TOURISTS say they would not be deterred from visiting Edinburgh if a tourist tax was introduced.

A survey of visitors to the city commissioned Edinburgh's marketing agency at the height of the summer tourist season found 92 per cent would still come to Scotland's capital if they faced a levy of £1 per room per night.

But the research also found that 47% of visitors were against the principal of the tourist tax.

The city council says adding a £1 charge to hotel guests' bills could raise £11m to fund local services in Edinburgh.


However, such a move has been opposed by business groups such as the Federation of Small Businesses, who call it "potentially damaging".

According to the research produced by Marketing Edinburgh which took place in July and August, just over three in four said they would not be put off even if the proposed tax was as high as £4 per night.

A separate survey of residents found 59% supporting the tourist tax.

The survey emerged as MSPs heard that a tourist tax was needed to prevent visitors being put off visiting the Highlands because they “have to go to the toilet behind a bush".

Highland Council convener Bill Lobban told Holyrood’s tourism committee said he did not accept the argument that visitors will be deterred from visiting the Highlands with a £1 a night bed levy The committee heard the six million annual visitors to the area bring £1.2 billion a year and support 20,000 jobs, but put pressure on roads, parking and public toilets.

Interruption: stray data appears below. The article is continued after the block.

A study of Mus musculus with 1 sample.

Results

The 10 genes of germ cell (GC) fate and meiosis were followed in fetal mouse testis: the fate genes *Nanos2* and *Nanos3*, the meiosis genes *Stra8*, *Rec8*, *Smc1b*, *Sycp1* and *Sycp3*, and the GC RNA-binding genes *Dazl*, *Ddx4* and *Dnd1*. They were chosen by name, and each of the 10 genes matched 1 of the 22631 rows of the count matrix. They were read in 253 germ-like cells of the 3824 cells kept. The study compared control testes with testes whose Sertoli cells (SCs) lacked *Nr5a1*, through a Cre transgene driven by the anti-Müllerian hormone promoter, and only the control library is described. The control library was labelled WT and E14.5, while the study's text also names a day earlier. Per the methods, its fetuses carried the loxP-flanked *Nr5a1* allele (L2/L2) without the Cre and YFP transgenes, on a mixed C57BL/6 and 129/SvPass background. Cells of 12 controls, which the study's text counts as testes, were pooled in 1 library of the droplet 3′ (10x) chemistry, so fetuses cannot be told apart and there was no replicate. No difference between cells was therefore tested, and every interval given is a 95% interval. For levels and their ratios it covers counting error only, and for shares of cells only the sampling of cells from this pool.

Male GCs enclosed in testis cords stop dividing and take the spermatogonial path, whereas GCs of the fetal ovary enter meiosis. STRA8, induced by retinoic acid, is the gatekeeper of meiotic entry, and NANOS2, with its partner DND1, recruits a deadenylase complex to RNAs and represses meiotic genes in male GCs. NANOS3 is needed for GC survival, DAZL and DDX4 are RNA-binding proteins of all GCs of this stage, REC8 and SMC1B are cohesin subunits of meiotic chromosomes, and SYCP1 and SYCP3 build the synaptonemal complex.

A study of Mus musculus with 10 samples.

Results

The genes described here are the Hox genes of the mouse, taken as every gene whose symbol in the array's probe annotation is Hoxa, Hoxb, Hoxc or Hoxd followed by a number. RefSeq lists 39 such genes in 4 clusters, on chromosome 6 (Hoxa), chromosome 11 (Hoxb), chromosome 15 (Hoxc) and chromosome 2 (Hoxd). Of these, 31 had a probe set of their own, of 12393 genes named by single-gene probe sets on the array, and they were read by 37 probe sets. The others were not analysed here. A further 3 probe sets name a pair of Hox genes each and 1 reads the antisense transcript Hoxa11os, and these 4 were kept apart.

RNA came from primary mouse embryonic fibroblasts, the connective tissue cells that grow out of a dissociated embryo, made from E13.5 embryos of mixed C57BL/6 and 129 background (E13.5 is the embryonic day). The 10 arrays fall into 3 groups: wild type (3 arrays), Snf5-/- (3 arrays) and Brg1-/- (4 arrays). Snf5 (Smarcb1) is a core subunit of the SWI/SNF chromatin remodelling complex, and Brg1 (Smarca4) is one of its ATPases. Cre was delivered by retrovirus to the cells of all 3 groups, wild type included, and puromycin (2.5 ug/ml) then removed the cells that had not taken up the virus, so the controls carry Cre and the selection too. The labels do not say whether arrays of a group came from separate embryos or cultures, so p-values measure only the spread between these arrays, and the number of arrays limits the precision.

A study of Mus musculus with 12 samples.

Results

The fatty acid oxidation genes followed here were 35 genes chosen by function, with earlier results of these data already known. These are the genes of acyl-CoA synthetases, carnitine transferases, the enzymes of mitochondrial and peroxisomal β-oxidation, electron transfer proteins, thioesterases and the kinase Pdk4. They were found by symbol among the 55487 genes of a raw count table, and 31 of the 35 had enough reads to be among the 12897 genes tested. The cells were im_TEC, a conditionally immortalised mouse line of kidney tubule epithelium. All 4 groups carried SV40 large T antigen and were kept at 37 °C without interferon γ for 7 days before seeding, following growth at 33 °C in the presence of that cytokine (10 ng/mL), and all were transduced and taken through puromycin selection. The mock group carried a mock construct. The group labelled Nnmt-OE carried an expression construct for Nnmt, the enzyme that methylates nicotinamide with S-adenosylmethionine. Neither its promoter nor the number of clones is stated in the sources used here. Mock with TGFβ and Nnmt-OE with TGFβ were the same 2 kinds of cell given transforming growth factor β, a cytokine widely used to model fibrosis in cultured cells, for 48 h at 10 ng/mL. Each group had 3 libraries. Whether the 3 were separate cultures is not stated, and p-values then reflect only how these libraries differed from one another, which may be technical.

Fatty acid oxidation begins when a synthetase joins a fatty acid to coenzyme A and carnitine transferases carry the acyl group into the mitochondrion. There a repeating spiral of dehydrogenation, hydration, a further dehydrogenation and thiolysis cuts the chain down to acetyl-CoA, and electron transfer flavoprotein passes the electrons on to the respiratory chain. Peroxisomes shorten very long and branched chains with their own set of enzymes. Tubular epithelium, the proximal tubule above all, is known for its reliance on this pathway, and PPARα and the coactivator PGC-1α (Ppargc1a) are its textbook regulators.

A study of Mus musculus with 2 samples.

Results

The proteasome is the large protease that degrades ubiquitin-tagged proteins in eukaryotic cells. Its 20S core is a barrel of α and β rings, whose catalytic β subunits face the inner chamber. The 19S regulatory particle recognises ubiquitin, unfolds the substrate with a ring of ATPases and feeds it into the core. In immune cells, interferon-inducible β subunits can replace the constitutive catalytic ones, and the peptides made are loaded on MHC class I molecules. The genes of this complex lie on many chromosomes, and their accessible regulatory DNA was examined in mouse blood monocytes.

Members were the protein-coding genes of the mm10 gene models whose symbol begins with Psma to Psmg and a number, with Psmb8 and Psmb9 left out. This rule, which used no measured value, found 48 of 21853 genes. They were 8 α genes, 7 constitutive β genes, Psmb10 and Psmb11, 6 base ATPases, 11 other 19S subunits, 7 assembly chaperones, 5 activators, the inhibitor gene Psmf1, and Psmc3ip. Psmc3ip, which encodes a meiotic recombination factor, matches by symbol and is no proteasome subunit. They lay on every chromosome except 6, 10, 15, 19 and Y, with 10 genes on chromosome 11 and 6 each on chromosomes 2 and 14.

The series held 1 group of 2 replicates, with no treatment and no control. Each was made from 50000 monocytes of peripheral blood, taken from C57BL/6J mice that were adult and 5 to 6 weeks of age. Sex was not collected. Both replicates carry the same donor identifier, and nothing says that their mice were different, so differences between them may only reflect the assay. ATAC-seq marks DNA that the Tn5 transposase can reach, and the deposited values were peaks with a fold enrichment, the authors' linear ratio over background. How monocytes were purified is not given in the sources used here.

John Donnelly, chief executive of Marketing Edinburgh, said: “We need to find a solution that enables sustainable investment in Edinburgh’s growing tourism industry while supporting the council to manage the consequences of that success.

"Transient Visitor Levies are used widely throughout the world and to great effect, raising significant amounts of money, so it’s important that we put this option on the table, with a goal of reinvesting funds into keeping the city at its best, to the benefit of residents, visitors and businesses alike.

"It’s a topic that’s now being widely discussed nationally, although what has been missing from that conversation so far is the views of residents and visitors. This insight demonstrates that visitors would not be put off coming to Edinburgh, and indeed the majority of residents support it so long as it isn’t to the detriment of tourism within the city."

Marketing Edinburgh said a city-wide discussion with city businesses is now underway and, with the views of residents and visitors in mind "we can now confidently debate the facts".

Some 519 residents and 561 paying overnight visitors - 10% from Scotland, 35% from the rest of the UK and 56% overseas – were asked for their views in the survey.